As the US is now within six months of the next presidential election, and as the incumbent is among the most polarising leaders in American history, pundits and politicians alike are asking themselves: what do the protests against police brutality and systematic violence mean for Donald Trump?
On the surface, one could say that the protests are positive for Trump and negative for Joe Biden, his Democratic opponent. Trump can now campaign on law and order, while Democrats call for police defunding, something that will repel suburban white women. “History suggests that Republicans benefit from street violence, whereas Democrats gain from peaceful protests”, the Economist argued this week.
But this reading overlooks three points.
The first is that, contrary to the belief of many, most US voters support the protests and believe the police are in need of reform, according to a Washington Post-Schar School poll – including 76 per cent of independents and 53 per cent of Republicans. Even among those who believe the protests were mostly violent (which includes 42 per cent of independents), 53 per cent support the demonstrations. And 61 per cent of respondents said they disapproved of Trump’s handling of the protests.
Added to this, 69 per cent of Americans said that George Floyd’s killing is part of a broader problem, and not an isolated incident. As the Washington Post has noted, in a similar poll from 2014 after the killing of Michael Brown Jr in Ferguson, Missouri, only 43 per cent took this view. Furthermore, the recent survey showed that half of Americans want a president who can address racial divisions as opposed to 37 per cent who want a president capable of using law enforcement to restore security. Trump may be believable as the candidate most likely to use the law to keep a semblance of peace, but voters may find it harder to imagine the man who tweeted that the protesters were “THUGS” achieving national racial harmony.
The second point is that, though activists are demanding police cuts, the person at the top of the ticket – that is, Joe Biden – does not support police defunding. Trump can, of course, suggest that the Democrats and Biden are controlled by the radical left, but activists cannot force Biden to endorse a policy he doesn’t support. Similar questions were raised over calls to abolish Immigration and Customs Enforcement, or Ice, in advance of the 2018 midterms – the election in which the Democrats took back the House of Representatives. None of this is to say that the party shouldn’t embrace calls to defund the police or abolish Ice. It’s to say that, if the fear is Democrats will lose elections, this warning ignores the politics of the most high-profile Democrat.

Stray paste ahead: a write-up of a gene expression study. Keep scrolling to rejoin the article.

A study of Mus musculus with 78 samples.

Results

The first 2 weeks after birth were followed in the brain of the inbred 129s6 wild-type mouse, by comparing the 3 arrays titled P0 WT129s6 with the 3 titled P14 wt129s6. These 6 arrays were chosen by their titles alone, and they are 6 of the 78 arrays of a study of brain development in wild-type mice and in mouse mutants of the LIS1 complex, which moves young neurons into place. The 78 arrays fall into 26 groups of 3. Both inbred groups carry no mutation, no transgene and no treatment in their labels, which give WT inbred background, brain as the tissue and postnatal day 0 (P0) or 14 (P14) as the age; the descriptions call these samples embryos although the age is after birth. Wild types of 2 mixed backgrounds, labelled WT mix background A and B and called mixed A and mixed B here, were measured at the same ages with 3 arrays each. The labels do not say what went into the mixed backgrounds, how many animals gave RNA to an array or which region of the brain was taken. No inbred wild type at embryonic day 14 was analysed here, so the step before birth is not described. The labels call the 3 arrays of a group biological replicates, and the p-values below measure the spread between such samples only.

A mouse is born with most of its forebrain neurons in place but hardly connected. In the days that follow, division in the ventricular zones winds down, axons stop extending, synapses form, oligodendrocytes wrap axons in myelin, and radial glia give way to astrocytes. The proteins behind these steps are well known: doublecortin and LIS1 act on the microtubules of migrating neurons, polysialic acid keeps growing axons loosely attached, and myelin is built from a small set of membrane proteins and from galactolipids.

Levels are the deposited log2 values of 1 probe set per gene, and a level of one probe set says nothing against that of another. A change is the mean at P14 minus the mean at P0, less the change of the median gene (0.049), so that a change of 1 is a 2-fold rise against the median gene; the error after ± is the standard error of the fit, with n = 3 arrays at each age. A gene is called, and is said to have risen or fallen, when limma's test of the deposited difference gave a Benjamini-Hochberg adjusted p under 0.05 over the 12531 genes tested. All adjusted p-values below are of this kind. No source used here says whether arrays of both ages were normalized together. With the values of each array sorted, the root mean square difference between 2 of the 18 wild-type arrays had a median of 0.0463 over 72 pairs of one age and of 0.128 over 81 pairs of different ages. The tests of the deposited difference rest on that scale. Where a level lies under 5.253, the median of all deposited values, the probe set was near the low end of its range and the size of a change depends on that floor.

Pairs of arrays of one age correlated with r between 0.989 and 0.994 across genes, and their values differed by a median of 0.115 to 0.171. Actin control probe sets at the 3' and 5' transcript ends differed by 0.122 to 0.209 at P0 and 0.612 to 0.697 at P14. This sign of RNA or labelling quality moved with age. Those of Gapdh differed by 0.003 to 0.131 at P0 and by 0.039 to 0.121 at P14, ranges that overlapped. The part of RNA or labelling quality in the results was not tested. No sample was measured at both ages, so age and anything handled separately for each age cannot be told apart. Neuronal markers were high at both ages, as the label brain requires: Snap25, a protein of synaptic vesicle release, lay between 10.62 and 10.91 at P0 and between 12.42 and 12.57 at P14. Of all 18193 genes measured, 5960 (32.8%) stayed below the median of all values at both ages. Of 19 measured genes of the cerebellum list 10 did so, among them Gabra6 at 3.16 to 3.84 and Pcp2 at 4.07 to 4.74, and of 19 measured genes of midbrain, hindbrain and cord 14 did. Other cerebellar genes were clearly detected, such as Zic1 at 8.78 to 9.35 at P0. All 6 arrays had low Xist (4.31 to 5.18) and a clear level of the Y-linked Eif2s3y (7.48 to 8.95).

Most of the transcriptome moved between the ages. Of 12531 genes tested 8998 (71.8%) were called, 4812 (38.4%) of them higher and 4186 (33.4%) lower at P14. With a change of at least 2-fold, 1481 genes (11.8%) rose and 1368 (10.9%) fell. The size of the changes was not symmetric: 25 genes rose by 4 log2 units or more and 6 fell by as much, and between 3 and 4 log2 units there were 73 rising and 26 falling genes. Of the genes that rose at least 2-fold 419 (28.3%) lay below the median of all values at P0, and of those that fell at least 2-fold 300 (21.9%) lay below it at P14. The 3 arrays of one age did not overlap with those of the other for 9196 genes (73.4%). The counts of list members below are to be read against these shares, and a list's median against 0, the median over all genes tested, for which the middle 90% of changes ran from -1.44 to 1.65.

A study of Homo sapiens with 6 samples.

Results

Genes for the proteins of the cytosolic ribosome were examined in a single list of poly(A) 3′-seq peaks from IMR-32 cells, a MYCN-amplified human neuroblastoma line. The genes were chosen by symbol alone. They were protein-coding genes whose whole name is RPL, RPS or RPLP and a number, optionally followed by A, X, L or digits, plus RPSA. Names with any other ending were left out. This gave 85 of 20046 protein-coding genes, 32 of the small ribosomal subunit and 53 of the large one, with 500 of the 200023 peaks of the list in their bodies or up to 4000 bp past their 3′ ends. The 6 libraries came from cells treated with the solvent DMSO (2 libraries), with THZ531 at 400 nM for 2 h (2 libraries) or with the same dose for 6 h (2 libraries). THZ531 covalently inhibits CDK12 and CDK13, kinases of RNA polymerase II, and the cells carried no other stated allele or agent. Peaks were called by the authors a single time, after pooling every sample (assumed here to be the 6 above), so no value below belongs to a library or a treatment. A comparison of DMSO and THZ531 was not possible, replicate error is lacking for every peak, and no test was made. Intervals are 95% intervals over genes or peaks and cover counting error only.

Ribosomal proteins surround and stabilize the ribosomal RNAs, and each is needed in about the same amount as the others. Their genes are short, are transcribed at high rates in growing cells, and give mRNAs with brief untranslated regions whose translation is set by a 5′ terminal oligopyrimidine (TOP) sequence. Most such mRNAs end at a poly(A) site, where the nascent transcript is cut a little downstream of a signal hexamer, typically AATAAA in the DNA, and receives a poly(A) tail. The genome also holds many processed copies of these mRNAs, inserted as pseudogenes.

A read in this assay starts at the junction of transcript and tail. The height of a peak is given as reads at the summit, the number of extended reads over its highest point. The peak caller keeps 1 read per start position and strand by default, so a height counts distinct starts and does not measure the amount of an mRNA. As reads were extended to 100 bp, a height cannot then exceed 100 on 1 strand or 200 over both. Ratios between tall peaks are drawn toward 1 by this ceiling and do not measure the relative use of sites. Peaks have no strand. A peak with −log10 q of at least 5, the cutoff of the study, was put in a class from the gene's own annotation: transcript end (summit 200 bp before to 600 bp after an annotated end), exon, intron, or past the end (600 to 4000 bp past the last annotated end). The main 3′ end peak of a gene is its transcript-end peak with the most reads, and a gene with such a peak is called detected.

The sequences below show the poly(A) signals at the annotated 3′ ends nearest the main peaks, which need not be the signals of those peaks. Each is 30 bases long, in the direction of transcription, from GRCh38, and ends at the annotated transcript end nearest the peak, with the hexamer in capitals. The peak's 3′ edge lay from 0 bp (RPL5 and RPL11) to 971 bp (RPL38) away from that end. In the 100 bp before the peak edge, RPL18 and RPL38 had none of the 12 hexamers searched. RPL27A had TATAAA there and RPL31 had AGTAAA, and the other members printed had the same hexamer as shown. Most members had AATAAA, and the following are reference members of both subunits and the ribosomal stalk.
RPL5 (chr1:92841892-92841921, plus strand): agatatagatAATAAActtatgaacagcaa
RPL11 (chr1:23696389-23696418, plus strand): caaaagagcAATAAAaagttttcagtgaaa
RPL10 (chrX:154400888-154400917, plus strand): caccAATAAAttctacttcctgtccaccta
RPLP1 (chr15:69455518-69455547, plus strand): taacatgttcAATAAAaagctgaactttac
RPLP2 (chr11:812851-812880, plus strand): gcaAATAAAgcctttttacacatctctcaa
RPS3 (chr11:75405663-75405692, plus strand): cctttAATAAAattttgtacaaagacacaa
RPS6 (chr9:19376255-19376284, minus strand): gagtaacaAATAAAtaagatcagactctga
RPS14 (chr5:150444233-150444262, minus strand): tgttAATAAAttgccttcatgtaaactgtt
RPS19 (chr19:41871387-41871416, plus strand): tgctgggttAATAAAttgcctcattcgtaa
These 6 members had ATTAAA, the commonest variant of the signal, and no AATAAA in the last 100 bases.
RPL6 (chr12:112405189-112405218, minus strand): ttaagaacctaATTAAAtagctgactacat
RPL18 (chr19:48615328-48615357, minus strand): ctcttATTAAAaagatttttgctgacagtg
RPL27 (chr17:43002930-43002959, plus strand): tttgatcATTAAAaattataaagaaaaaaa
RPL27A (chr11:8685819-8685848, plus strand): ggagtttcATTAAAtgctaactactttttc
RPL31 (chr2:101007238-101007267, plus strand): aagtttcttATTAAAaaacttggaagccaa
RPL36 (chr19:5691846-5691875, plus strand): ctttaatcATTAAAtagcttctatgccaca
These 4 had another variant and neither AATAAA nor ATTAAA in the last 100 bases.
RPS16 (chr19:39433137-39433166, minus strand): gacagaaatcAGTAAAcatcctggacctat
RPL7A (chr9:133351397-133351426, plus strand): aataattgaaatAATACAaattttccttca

And the third point is that these protests are happening against the backdrop of a pandemic that has killed more than 100,000 Americans and a recession that has pushed up unemployment to its highest level since the Great Depression (13.3 per cent) and imperilled living standards. History may suggest that Republicans benefit from street violence but it also suggests that candidates win or lose based in part on the economy – and the US’s is particularly dismal at the moment. The President has begun to boast of an economic recovery, and he can certainly tweet that there is one, but he cannot unilaterally will it into existence.
And there is a fourth point, too, which is this: the truth is that we don’t know what happens next. Despite everything written above, these events may, somehow, benefit Trump. It could be that his handling of the next six months wins people, or that the disproportionate Electoral College and voter suppression, or some combination of the two, puts him back in the White House for four more years.
We don’t know how this moment will play out. We’ve had pandemics before, we’ve had recessions before, and we’ve had mass protests before, but we’ve never had a recession and protests during a pandemic before. We’re in uncharted waters. We won’t know when we’ll reach land until we finally get there.